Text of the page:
The Magicians by Lev Grossman
If I read one more review of Lev Grossman’s The Magicians that proclaims it “Harry Potter for adults,” I just might break something. Yes, The Magicians is a bildungsroman about a teenager who discovers he’s a magician and subsequently enrolls at an exclusive magician’s college, but just because the two works share certain elements does not mean that the former is simply a matured version of the latter. (Plus, as an adult, I find the implication that Harry Potter isn’t for adults quite insulting. But I digress.) In actuality, comparing Grossman’s novel to J.K. Rowling’s series does a disservice to The Magicians. It is an inventive story that stands quite well on its own.
I am not what anyone would call a fantasy aficionado. My limited purview of the genre includes Harry Potter and The Chronicles of Narnia. Luckily for me, The Magicians fit in readily with those classic series, and paid homage to them in subtle ways. Grossman’s story is decidedly fantastic, but it doesn’t stray too far from the mainstream. His ability to balance the book for a diverse readership is one of its biggest strengths. He throws in plenty allusions to delight the fantasy buffs, but not so many that they would alienate other readers.
The Magicians follows Quentin Coldwater, a feckless young man who chases external sources of happiness hoping to find something that will fulfill him. Quentin wishes more than anything to escape to Fillory – the mythical land from his favorite childhood novels – but what will happen if he gets the only thing he believes he wants? Grossman answers that question with a startlingly realistic portrayal of a teenager transitioning to adulthood, but with that extra addition of, of course, Quentin’s status as a mage. He’s as confused as he is brilliant, but not even magic can help him untangle the challenges of sex, drugs, alcohol, and the dark side of fantasy.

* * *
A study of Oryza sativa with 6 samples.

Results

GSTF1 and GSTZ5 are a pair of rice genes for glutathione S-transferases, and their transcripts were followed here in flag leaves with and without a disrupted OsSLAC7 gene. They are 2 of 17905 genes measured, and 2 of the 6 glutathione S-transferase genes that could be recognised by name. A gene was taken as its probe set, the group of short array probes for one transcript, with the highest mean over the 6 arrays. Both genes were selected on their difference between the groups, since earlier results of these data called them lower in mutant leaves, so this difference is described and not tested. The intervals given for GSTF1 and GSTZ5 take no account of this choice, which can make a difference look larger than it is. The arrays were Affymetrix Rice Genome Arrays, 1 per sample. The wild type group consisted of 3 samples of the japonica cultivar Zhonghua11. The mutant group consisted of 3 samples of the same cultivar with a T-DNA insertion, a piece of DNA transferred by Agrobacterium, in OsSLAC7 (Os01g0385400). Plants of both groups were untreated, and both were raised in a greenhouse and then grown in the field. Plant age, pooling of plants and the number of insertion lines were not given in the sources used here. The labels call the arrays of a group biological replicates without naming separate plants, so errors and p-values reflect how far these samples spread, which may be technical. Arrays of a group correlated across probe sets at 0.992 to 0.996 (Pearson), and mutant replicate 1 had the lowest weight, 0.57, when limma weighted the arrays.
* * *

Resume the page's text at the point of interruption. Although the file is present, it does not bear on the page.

Along with Quentin is a full cast of intriguing, albeit slightly stock, characters. The core group consists of the pitifully shy recluse Alice; the angry but brilliant punk Penny; the effeminate alcoholic Eliot; the outgoing-to-cover-her-insecurities Janet; and the undisciplined comic relief that is Josh. They’re a ragtag bunch, but a convincing quasi-family. Grossman excels at creating characters that make the readers care.
My only complaint is that Grossman pushes a little too hard about how serious and complex is his particular brand of magic. He wants you to know that it’s not the magic of Rowling or Lewis, and damn it, he’s going to prove it.
Fans of C.S. Lewis, J.R. Rowling, and J.R.R. Tolkien will appreciate Grossman’s enthralling novel. As a fan of all three, I’m certainly looking forward to diving in to Grossman’s sequel, The Magician King.